Good evening, everyone.
My name is Stephen and I am a long term fan of, and collaborator with the wonderful and talented Lauren.
This January I have embarked upon a ‘dry’ month. This means that I am forsaking alcoholic beverages for 31 whole days, during the most depressing month of the year.
SO. In lieu of my usual evening activity, I have turned to the kitchen.
Now, a few years ago I could not cook a thing. Seriously. Turning the oven on was a bit ‘out there’ for me. A toastie, even, was a complex culinary creation.
However, since living away from home I have developed a love for food and for cooking which I have rediscovered in my sobriety. Lauren and I have often bonded over food (feeder solidarity), and so I was thrilled when she asked me to share a recent recipe on her blog.
The meal I settled on is PERFECT for this time of year; a really simple and slow cook that warms the whole house and leaves you with an amazing alternative to the traditional Sunday roast… Braised ox cheeks with a potato and parsnip gratin.
So first up, ingredients! This meal served 4 comfortably, so just adjust as necessary.
For the braised cheek
· 1kg ox cheeks (any cheap cut of beef would be a good substitute if cheek is unavailable, but it does have a lovely flavour!)
· Plain flour
· Olive oil
· Two red onions
· 2 smoked bacon rashers
· 200ml beef stock
· Red wine (it cooks off, so my dry month isn’t compromised)
· 300g carrots
· 1 bay leaf, 2 thyme sprigs (I used dried because I ain’t no fancypants with a herb garden)
For the gratin
· 600g parsnips and potatoes (600g in total)
· 2 garlic cloves, finely chopped
· 300ml crème fraîche
Onwards with the cooking!
Step one is to preheat your oven to 150° (I am reliably informed that this is gas mark 2, if you are so inclined), and coat the ox cheeks in flour and a little salt and pepper. After this, put some oil into a frying pan and sear the ox cheeks for about 5 minutes to seal them. I should probably point out now that I’m not big on exact timings and measures – I’m a big believer in a casual approach to cooking! Just throw stuff together and see how it goes. It’s fun!
Once the coated cheeks are more of a golden brown colour, they can be removed to plate and you can move onto step two…
Fry the onions and the bacon for about 5 minutes also, and then transfer all the ingredients for the cheeks – except carrots and a little bit of stock – into a casserole dish or similar (I used a tagine), put the lid on, and pop in the oven.
It is around this time that I remembered that when cooking it is IMPERATIVE to Instagram the hell out of the food, so I did just that.
Step three is where we turn our attention to the gratin. The longer the ox cheeks stay in the oven the better really, which is why I’ve not paid much attention to timings for how long stage three can take before we enter stage four. But if you MUST know, it took me about half an hour.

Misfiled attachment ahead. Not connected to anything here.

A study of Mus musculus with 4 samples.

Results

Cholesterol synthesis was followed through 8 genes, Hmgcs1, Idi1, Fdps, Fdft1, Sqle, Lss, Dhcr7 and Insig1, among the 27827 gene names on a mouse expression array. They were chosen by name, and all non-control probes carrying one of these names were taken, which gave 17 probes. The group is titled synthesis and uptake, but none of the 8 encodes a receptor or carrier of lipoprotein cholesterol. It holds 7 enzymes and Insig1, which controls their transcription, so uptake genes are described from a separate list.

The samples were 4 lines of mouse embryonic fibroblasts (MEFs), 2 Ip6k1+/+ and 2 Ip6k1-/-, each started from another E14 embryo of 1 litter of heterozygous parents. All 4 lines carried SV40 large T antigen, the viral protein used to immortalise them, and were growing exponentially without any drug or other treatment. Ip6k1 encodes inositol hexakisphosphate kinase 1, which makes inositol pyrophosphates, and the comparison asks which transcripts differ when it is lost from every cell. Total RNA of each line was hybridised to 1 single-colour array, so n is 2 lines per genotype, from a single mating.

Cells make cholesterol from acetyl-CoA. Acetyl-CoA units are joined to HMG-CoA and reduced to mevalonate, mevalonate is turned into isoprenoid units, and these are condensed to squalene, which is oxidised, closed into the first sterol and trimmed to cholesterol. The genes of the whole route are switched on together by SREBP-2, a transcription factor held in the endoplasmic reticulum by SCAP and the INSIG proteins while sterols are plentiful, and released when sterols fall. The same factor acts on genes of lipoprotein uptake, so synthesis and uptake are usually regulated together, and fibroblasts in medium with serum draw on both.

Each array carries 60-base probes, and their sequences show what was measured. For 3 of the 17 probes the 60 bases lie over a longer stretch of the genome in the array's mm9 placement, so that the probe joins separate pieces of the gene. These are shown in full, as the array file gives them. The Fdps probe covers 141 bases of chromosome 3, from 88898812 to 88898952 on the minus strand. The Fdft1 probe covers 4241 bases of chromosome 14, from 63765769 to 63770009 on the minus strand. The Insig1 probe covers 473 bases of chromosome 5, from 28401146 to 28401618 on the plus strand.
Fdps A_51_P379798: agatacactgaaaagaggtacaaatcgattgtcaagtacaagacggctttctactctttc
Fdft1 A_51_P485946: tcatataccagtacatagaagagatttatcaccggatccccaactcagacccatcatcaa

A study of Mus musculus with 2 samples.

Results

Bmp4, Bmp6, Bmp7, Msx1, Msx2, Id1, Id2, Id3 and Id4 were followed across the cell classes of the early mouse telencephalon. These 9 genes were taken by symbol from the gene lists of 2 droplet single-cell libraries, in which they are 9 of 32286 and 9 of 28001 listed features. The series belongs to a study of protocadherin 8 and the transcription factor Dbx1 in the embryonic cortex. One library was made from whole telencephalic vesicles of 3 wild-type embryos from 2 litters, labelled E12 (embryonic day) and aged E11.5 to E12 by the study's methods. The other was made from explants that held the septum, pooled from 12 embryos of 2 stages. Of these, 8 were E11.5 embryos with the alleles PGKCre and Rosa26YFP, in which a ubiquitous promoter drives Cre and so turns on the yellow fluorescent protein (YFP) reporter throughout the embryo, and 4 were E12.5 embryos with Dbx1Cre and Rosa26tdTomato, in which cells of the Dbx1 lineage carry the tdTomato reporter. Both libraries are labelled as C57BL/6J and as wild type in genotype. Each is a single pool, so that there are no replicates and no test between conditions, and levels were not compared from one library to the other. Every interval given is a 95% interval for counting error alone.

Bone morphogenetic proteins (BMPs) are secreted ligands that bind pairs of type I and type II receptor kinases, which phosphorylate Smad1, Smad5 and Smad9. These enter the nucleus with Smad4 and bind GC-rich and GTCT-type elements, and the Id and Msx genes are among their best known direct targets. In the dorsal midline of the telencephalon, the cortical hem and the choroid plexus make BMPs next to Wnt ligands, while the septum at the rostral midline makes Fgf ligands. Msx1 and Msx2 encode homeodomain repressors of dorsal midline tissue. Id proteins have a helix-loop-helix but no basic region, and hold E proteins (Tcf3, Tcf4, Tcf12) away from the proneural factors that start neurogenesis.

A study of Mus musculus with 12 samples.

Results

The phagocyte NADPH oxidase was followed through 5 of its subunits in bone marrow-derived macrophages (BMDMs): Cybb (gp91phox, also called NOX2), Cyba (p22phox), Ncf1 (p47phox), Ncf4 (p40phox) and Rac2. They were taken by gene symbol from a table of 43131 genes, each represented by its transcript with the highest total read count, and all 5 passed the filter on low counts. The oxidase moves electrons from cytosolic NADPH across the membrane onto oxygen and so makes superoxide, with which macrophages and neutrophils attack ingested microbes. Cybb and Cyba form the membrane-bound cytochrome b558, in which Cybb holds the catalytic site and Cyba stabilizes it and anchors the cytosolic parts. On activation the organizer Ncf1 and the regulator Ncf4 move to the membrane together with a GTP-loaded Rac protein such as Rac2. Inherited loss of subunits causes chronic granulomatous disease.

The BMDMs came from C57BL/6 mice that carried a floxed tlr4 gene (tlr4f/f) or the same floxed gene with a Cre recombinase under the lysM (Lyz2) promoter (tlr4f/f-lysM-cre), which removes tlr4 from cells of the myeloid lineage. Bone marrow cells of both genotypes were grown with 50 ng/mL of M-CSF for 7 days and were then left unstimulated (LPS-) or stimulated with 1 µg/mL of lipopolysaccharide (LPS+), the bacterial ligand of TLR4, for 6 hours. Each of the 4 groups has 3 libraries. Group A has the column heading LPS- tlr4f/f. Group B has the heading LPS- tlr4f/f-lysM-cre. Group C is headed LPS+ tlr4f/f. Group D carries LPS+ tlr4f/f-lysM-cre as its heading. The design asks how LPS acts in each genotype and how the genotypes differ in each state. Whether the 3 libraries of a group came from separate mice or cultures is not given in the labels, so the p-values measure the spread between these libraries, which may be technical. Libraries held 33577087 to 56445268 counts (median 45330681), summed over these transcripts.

So, for stage three, we want to use a big (BIG) spoonful of butter to cover the gratin dish (any generic ovenproof dish will do) and spread a layer of parsnips over the base. On top of this pour a mixture of the crème fraîche, garlic, nutmeg, and leftover stock, and continue to layer up potatoes and parsnips, pouring more of the mixture as you go.
In stage four it is time to cover the gratin in foil and reunite it with the ox cheeks in the oven – and then forget about the whole lot for a glorious 2¼ hours! During this time my advice is typically to pour a glass of wine, drink said wine, and then pour another, repeating as necessary. UNLESS, like me, you aren’t drinking. In which case, just potter about for a bit, talk to whoever you’re cooking for. Have a tonic and elderflower cordial (almost tastes like gin!).
After 2 ¼ hours have passed, take the foil off the gratin, and cook for another half an hour (stage 4.5?)
Stage five – tip the carrots into the casserole/tagine/cheek receptacle and cook for 45 minutes to an hour, depending on how crunchy you like your carrots.
Stage six – the big reveal – after roughly 4 hours in the oven it is FINALLY time to eat, so serve up the cheeks and gratin, serve, and enjoy!
(Stage seven… get someone else to do the washing up.)
Hopefully you enjoy this feast as much as my flatmates and I did!
The nice thing about ox cheek (besides the amazing flavour) is that they are so cheap, and if you have the time make an amazing meal for an easily affordable price! I think all in all, I paid about £20 for the ingredients that I had to buy (I already had the herbs, stock cubes, flour etc) which ain’t too shabby for a Sunday roast for four!
Hopefully Lauren will invite me back to waffle on again about food, but in the meantime please take a look at my Just Giving page, raising money for Alzheimer’s Research UK – a really deserving but underfunded cause.